Buoyed by enthusiasm following Ford’s return to profitability, various projections are being made for profit growth through 2011, car sales next year and steel demand to support it. Ford posted a near $1bn profit for the 3rd quarter according to the Washington Post, saying it is the first time the North American operation has been profitable since 2005. However should not assume all this came from the US market. Indeed only $357m came from the US, Canada and Mexico combined before taxes. South America contributed $480m and Europe a further $193m. Asia Pacific and Africa was only $27m and Volvo as a standalone business dragged the numbers down with a $135m operating loss. The biggest contributor though was financial services which kicked in $661m profit, up from $159m last year according to freep.com.
On top of North America’s financial improvement was a market share increase from 14.9% to 15.6% following a decade long decline from 25% in 1998. The third quarter numbers were no doubt stimulated by the cash for clunkers program that generated an additional demand of about 700,000 vehicles in July and August, increasing the sales from 1.6m vehicles to 2.3 m and in the process making it probable annual US sales will be over 10m in 2009. The firm says that following aggressive cost cutting and more than 10 plant closures it expects to continue to generate profit even though the clunkers program has ended. In NWI.com Ford said it expects production in the fourth quarter to be even higher than the clunkers program stimulated in the third quarter.
We have to question the logic of that. The third quarter was a good period for Ford. Raw material costs had fallen, sales spiked and Ford had the models that people wanted giving them a distinct advantage over GM and Chrysler. As important they had a range of vehicles, not just one silver bullet, giving them strength in depth across the product range. In response to rising demand, steel producers raised prices over the period but those increases are slowing and most expect falls in Nov/Dec. Scrap prices have already started coming off which is an early sign demand has faltered. Ford could be running production at unrealistic levels which may currently re-fill salesrooms but once that is complete the balance may just generate unsold inventory and worsen cash flow. Ford is already sitting on a debt pile of over $23bn.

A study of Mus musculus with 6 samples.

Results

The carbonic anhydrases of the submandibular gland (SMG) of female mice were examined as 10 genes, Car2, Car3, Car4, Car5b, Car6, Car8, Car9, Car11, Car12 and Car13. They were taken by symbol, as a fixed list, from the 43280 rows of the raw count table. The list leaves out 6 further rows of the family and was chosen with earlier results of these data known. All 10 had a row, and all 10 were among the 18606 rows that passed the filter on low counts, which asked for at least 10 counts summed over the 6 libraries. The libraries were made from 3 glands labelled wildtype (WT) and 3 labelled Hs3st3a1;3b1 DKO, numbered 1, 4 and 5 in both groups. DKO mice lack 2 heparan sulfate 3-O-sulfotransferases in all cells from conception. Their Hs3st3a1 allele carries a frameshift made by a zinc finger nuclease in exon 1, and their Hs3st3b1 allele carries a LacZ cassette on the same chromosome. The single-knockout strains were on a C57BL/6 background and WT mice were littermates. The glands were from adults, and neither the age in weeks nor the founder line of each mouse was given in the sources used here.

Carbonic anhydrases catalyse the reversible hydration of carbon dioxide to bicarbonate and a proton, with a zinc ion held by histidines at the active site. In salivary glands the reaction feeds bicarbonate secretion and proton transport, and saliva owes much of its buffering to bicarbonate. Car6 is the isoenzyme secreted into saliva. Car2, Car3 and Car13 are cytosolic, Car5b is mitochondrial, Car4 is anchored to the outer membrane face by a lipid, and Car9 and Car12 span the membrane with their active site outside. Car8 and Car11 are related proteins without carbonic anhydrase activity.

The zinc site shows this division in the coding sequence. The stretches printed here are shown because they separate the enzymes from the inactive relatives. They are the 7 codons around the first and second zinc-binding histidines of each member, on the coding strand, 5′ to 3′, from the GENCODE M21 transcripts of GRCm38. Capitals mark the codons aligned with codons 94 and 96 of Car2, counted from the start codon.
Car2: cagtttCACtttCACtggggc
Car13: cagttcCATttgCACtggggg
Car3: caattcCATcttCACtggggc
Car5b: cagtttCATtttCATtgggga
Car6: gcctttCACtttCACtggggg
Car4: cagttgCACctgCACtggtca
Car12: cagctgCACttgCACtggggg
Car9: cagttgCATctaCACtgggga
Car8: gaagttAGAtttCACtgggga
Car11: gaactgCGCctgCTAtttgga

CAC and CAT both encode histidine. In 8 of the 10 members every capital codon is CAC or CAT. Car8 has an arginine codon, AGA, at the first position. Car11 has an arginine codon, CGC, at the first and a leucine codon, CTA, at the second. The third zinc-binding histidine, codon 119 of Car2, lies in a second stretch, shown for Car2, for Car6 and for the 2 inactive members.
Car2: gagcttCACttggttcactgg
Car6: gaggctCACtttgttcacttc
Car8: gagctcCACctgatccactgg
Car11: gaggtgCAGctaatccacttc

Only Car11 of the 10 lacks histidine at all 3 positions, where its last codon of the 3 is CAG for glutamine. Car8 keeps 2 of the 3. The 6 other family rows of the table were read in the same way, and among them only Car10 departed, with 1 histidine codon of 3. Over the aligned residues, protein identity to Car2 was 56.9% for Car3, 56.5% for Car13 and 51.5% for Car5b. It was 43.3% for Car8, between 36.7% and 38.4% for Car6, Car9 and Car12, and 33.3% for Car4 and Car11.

If I was in Ford’s supply chain I would welcome the return to profitability but I am not sure I would invest hard cash in gearing up for growth in component demand through the end of this year and first quarter of next. Customer demand just doesn’t seem to be there. With rising unemployment, a moribund contraction market and a fragile recovery, big ticket car purchases are the first to be put on hold without an external stimulus incentive to buy now.